Rep. Issa Asks: ‘How Much Are Taxpayers Being Charged for Stimulus Propaganda Signs?’
Is the government illegally requiring states to spend up to $10,000 for each road sign advertising stimulus projects? Why do private firms claim a sign should cost significantly less?
June 28, 2010 - 9:43 am
Ever see a federal construction sign next to a stimulus project on a street, building, or highway?
Ever wonder how much the sign might cost you, the taxpayer?
Would you guess as much as $10,000 per sign?
In the latest symbol of government extravagance and waste, PJ Media has discovered that federal construction signs that officially publicize stimulus projects are costing taxpayers as much as $10,000 apiece.
Rep. Darrell Issa (R-CA) is questioning the use of public funds to purchase signs advertising funding from the $787 billion American Recovery and Reinvestment Act — the “stimulus bill” — at construction sites nationwide.
Issa is the ranking member of the House Committee on Oversight and Government Reform. In a letter to Earl Devaney, chairman of the Recovery Accountability and Transparency Board, Issa notes that the signs — some of which have cost as much as $10,000 — have been strongly encouraged, or even required, by government agencies. This is leading to the “common perception that taxpayer funds are being wasted on what amounts to political propaganda on behalf of the Obama administration.”
In the letter, Rep. Issa requested Devaney’s office collect information for the Oversight Committee on four topics:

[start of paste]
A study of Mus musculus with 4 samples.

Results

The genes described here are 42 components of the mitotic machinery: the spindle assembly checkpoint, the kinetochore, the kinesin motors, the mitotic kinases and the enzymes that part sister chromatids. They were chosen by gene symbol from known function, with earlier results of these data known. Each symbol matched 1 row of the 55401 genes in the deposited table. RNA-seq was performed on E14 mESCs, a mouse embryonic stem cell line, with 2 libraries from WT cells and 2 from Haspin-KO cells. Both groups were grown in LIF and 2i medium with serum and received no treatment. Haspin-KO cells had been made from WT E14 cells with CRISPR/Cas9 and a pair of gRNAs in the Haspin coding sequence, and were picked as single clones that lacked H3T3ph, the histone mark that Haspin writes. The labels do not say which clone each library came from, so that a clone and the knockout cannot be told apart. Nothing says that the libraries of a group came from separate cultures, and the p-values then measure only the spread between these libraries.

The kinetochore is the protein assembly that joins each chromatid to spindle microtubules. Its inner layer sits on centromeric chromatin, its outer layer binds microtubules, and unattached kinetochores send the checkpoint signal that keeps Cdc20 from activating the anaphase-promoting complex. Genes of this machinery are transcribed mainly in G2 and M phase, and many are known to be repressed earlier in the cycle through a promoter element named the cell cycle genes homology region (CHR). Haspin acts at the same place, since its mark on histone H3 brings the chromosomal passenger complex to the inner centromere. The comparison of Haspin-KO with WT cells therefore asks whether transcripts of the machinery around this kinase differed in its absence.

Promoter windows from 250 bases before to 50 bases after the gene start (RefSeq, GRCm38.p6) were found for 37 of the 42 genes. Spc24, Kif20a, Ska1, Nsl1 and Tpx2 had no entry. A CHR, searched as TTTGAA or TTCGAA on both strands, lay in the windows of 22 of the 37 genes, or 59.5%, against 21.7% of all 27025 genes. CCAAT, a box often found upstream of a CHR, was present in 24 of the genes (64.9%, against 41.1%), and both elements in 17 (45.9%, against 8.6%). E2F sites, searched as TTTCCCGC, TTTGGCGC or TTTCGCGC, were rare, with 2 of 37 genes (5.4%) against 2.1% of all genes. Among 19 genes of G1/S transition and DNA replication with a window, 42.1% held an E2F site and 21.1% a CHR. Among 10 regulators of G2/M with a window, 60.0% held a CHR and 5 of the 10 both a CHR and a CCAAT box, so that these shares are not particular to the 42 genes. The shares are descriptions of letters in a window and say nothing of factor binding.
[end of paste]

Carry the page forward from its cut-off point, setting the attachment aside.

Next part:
– A complete accounting of all guidance issued by any federal agency to recipients of stimulus funds, including federal, state and local agencies, on the posting of signs, logos, or emblems intended to publicly identify the source or expenditure of stimulus funds;
– Whether any federal agency requires, or has required, stimulus recipients to post signs, logos, or emblems identifying the source or expenditure of stimulus funds and whether such agency had statutory authority to do so;
– If any federal agency has relaxed a requirement that recipients post signs, logos, or emblems identifying the source or expenditure of stimulus funds, with an explanation of the decision to do so;
– An assessment of the total cost to the taxpayers from the posting of signs, logos, or emblems identifying the source or expenditure of stimulus funds.
The amount of money involved could be significant. Rep Issa points to a runway resurfacing project at Dulles International Airport near Washington, D.C., as one project with $10,000 signs — an expense that, of course, reduced the money available for the actual resurfacing.
In July 2009, Michelle Breidenbach of the Syracuse paper Post-Standard noted the signs in New York could cost anywhere from $6,000 to $8,000 each to make and install. These were temporary signs which would be thrown away once the projects are completed.
Lee Holmes of the Kansas Department of Transportation said that, depending on the project and the contractor who won the bid, the cost was anywhere from $500 – $750. In Barack Obama’s home state of Illinois, IDOT spokesman Josh Kauffman said the signs run $500 each, installed. Don Howe of the California Department of Transportation told PJM via email that, depending on the size of the sign, in California the cost ranges from $550 to $1,350, not including installation costs, which drive the expense higher. A small sign company in Kansas, Southeast Kansas Sign Company, was contacted by PJM. Owner Frank Lundien was incredulous at the $10,000 figure:
Maybe if it was an internally lighted sign with computer controlled graphics.
According to Recovery.gov, through March 31 of this year the federal government has signed a total of 30,679 contracts, awarded 160,415 grants, and made 1,038 loans — a grand total of 192,132 programs and projects at least partially funded through the Recovery Act. At a conservative estimate of one sign per job (allowing for states that have not given in to pressure for the signs) and a conservative price of $1,000 per sign, this totals more than $190 million — and could easily double that amount.